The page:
Richard Miller and the Future of Publishing

Richard Miller starts his presentation with a statement about new media being the biggest communications revolution ever because it is now possible for anyone to publish globally, instantly. In a similar vein, the SF Chronicle ran a story today (“Award to amateur video shows industry change”) about a prestigious journalism award being awarded to an anonymously produced cell-phone video that recorded the recent death of a woman protesting in Iran.

Questions: What does this say about the evolving nature of publishers (of books, news, etc.)? Who are the arbiters of truth and quality?


8 comments on “Richard Miller and the Future of Publishing

  1. Some things speak for themselves. For instance, a video of a live event, such as the death in Iran, can capture the moment, regardless of a citizen journalist’s lack of credentials. Other stories require journalistic ethics and these are decaying. I know many writers who have left journalism jobs because their departments have had mass layoffs due to web 2.0 citizen journalists. I think it is great to have everyone participate in a conversation about the day’s news, but I’m not sure I like what has happened to reporting standards.

  2. I, too, am concerned about maintaining standards. In her book “Writing New Media,” Wysocki the exigency for Composition instructors to teach what we know about “…texts and how situated people (learn how to) use them to make things happen” (5) precisely so that students learn to wield their publishing powers wisely.

  3. Miller makes it pretty clear that he believes “ideas don’t belong to us individually, but they belong to us as a culture and we as educators must be in the business of sharing ideas, freely.” This is a simple, but provocative idea because it goes against a capitalist ideology and all of our copyright laws! If ideas are free, then our ideas/ words/ art/ coding all belong in the public domain, so anyone can freely borrow, remix, re-envision. I think this inherently suggests that authority moves from publishers to the masses. From elite to popular. Peer-reviewed publications to those that are publicly-vetted. Students will definitely need the tools to assess these texts. I don’t think there’s anything new about that, but maybe new media texts make the need more apparent.

    • If the masses are going to have the authority, then the masses will need to be educated enough to think critically and compose meaningfully.

  4. Considering the role of authorship in this new “digital world” I am once again brought back to the idea of plagiarism. If thought and information are shared freely then who is held accountable? What happens to the actual author of a text? As the author are we no longer supposed to claim our work as our own but merely a product of the free thought of our peers? In the writing classroom how does this idea change the way we create academic essays, is there still a need for direct quotes, paraphrases, works cited? I want to know more about accountability!! If you post an anonymous video of a woman being murdered are you apart of the crime or merely a witness to it?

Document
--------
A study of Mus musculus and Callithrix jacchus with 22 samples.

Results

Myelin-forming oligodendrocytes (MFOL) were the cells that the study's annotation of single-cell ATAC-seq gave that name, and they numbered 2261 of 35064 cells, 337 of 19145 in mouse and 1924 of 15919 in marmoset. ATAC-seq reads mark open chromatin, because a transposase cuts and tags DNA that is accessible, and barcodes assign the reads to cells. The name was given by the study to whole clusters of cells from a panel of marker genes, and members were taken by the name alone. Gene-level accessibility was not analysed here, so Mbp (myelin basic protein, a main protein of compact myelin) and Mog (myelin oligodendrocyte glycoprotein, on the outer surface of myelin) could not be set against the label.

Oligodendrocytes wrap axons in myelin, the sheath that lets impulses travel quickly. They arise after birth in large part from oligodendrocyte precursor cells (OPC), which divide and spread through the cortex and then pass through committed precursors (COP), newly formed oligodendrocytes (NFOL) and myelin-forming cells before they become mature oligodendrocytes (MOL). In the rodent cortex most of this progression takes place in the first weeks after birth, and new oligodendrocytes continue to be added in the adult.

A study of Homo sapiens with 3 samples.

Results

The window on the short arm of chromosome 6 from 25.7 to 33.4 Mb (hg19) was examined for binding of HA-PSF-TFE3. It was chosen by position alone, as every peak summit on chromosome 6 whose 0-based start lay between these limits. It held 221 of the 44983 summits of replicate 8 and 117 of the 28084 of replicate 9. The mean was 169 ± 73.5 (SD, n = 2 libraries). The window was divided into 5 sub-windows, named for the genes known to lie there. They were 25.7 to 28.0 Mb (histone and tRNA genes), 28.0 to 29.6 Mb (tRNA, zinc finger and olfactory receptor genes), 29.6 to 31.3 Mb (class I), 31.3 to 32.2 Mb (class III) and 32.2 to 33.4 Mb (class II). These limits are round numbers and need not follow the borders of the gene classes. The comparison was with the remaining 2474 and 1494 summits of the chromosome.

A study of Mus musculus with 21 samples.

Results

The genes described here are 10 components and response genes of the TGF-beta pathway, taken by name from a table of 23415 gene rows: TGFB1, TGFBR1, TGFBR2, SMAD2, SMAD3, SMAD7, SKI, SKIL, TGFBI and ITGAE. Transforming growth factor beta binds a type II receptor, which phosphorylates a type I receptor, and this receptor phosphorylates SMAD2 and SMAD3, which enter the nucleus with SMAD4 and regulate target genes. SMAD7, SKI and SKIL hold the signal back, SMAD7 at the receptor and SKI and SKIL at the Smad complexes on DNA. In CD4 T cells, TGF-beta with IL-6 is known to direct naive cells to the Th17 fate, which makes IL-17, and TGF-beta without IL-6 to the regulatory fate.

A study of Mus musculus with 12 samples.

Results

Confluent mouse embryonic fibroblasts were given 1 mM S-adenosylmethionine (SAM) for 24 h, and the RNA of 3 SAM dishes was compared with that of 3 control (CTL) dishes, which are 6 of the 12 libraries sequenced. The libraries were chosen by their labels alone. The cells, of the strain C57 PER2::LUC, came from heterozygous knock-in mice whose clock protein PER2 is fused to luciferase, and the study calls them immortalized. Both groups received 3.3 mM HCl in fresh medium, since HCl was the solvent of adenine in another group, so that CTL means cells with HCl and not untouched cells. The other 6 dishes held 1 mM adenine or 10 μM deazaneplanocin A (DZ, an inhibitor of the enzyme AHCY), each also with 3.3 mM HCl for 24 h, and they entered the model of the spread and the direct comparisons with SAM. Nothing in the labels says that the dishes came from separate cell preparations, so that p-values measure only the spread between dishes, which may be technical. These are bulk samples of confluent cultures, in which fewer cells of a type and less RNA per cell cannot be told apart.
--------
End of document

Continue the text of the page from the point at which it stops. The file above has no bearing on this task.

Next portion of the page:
5. Will anyone continue to cultivate the arts (of writing, photography, graphic design, etc) if others will use their words and images without seeking permission, paying, or even giving credit? Look at the sorry state of the music industry…

  6. Authorship, citation, and various other issues are all really interesting topics, as those of us who had 704 last semester found out. In the class, we talked about how plagiarism is actually pretty difficult to define, which you can see just by looking at various Universities’ plagiarism statements. And there are definite questions

    The fiction world has had to grapple with this recently, and isn’t this year’s CCCC about remixing? One way (that I think we also discussed in 704, but I’m not sure) to use the idea of citation would be for rhetorical purpose, teaching students that grounding your references in what other people have said can give something added weight, give you a more defensible position. But sometimes it’s hard to decide when you’re talking about a commonplace (say, “postmodernism”) and a specific concept that should be quoted (postmodernism as Frederic Jameson defines it). Maybe that’s a bad example, but it’s tough.

    On a more legalistic note, I don’t think we’ve mentioned this in class so far, but here’s an On the Media segment that discusses the possible ramifications of a settlement involving Google Books. The gist of it is that Google Books scans books under copyright and allows access to part of them for free, but you can pay to access the rest of it. The lawyer in the interview argues that this might lead to a sort of de facto quashing of fair use, allowing any quotations from anything under copyright to be the subject of potential legal action. This could potentially be good for original creators, but horrible for consumers and a precedential nightmare for fanfiction writers. It’s another wrinkle in this issue, another way to complicate the debate.

    And on a side note, The New York Times is going to start charging for access to its website, or at least some of its content, in 2011. (And yet another self-disclosure: despite how often I quote the Times in these posts, I really don’t read it all that much)

  7. Jaron Lanier’s new book, “You Are Not a Gadget,” wants to put the emphasis back on the individual, and though I don’t agree with many of his ideas in his book, the fundamental concern for the individual and one’s unique identity is one that I, too, think is an important one we have to tackle in today’s digital age. The anonymously produced cell-phone video points to the problem of authorship which is closely tied to the issue of identity and the self. What happens to the self and one’s identity when we value the “hive mind” (Lanier) more than the individual?